Homewood library initiates curbside services Monday


May 30, 2020 - 16:34

Waiting to pick out a good book or movie? The Homewood Public Library will begin curbside service Monday, June 1, giving patrons a chance to get items from the library’s collection at 17917 Dixie Highway.

This is in addition to the electronic resources, including e-books, audiobooks, databases and video, movie and television streaming resources that have been available through the library’s website since the building closed March 14 because of the COVID-19 pandemic. 

“We are so grateful for all of (our patrons), and glad to be starting to offer more than our free books and seed carts,” said Colleen Waltman, the library’s director.

In this new phase of service, the first step is reserving materials in the library’s catalog. With that information, staff will begin the process of retrieving, verifying library information and getting books ready for pick up.

“Placing holds in the catalog online is really the best way to go,” she explained. Patrons can file requests 24 hours a day, seven days a week at homewoodlibrary.org. Patrons needing assistance can call the library at 708-798-0121, extension 216 between 9 a.m. and 5 p.m. Monday through Friday starting June 1, or send an email with questions to [email protected]. Put the word “holds” in the subject line.

Waltman said at this time there is no limit on the number of materials that can be checked out. Patrons who had materials on hold when the library closed in March will be the first recipients of the curbside pick up.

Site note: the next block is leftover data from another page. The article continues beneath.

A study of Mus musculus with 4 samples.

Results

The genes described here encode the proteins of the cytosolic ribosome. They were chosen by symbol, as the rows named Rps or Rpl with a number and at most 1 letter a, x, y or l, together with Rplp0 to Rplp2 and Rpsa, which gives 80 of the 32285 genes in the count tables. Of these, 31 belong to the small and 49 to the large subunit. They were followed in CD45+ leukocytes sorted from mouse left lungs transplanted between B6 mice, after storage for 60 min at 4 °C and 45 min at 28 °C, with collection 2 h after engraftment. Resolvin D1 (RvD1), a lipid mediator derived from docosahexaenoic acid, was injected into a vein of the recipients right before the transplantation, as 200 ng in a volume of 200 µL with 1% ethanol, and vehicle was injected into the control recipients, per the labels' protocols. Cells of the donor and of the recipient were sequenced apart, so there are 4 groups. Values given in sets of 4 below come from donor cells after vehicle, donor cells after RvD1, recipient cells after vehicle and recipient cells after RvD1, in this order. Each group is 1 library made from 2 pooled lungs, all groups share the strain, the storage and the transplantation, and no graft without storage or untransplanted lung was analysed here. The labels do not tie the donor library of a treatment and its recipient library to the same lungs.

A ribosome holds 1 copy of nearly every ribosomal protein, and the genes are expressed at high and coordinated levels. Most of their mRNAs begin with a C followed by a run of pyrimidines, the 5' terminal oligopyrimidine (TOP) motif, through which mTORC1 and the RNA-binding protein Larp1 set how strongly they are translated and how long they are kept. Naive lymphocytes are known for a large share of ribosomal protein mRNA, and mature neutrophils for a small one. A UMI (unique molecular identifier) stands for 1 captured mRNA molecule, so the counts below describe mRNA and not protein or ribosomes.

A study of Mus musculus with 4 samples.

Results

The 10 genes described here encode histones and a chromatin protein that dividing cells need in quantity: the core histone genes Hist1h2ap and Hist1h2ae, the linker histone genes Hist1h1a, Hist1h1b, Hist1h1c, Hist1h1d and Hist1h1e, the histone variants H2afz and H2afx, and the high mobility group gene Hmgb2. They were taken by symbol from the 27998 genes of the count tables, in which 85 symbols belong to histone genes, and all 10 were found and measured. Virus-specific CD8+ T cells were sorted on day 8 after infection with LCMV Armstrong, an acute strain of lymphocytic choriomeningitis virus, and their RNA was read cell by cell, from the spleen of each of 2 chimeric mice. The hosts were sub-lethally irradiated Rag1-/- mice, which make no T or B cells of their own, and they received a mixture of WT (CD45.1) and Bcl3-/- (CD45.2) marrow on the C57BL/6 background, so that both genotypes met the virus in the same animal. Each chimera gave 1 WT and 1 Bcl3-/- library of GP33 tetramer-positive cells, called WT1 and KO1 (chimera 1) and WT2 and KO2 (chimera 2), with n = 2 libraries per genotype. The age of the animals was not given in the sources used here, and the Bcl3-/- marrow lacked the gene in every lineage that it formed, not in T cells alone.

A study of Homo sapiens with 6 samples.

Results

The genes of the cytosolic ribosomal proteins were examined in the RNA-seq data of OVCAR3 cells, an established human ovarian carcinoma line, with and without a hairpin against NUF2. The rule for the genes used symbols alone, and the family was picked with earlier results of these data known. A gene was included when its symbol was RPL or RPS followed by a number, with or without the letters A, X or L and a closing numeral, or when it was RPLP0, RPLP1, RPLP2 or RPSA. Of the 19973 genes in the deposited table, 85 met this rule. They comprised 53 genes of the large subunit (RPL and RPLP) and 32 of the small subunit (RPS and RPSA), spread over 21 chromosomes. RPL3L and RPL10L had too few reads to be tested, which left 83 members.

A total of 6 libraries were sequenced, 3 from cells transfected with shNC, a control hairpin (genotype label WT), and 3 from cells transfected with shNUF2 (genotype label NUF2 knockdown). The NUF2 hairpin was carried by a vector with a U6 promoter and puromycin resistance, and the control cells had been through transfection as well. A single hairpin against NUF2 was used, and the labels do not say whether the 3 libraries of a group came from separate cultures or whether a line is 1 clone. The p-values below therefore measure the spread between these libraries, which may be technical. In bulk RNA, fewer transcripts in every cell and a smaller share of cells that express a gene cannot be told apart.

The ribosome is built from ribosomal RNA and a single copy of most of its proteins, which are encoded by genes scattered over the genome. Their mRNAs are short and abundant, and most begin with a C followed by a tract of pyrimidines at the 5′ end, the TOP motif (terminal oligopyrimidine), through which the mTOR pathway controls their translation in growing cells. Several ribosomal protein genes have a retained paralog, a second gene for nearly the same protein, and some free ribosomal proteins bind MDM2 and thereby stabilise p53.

Once the request is processed, patrons will receive a notice that the items are ready for pick up. Hours will be 10 a.m. to 2 p.m. Mondays, Wednesdays and Fridays and 4 to 8 p.m. Tuesdays and Thursdays.

“We will be using a product called ‘curbside communicator’ provided to us at no charge through SWAN, our library consortium,” Waltman said. “Patrons will pull up and text a number letting staff know which of three curbside spaces they are in, their last name, their library card number and the means by which they placed the hold — phone, online or email.”

For patrons not able to file a text message, a phone number will be posted. A staff member will come out with the materials and place them in the car's trunk or back seat.

“The focus is on safety and contactless service,” Waltman said, stressing that precautions are being taken to insure safety for both staff and patrons. The Friends of the Homewood Library helped underwrite the expense of acquiring the necessary personal protective equipment for staff.

“We will be unable to provide walk-up service, at least initially. This is new for all of us and the procedures will be adjusted as needed,” she said.

According to Waltman, the library’s staff has been working through the closure ordering materials, conducting virtual programming and book clubs, adding to the electronic and virtual resources and revamping summer reading plans.

And special attention is paid to the care of returned materials. Waltman said when the book return was opened in the first eight hours patrons returned items that belonged to 55 libraries in the SWAN network.

“These items were quarantined and processed and organized. Homewood library books were also quarantined and then shelved so they can be available for our patrons as we start curbside pick up. So all of these tasks take time and staff,” she pointed out.

As the library moves to Phase 3 of the “Restore Illinois” plan, more staff will be allowed into the building to start making the necessary changes to space arrangements, including rearranging stacks, setting up barriers at public desks and installing contactless self-check equipment.  A date to reopen the library has not been determined.

While members of the Friends of the Homewood Library haven’t been allowed into the building, the group’s cart of free books is available 11 a.m. to 2 p.m. Mondays, Wednesdays and Fridays at the library entrance.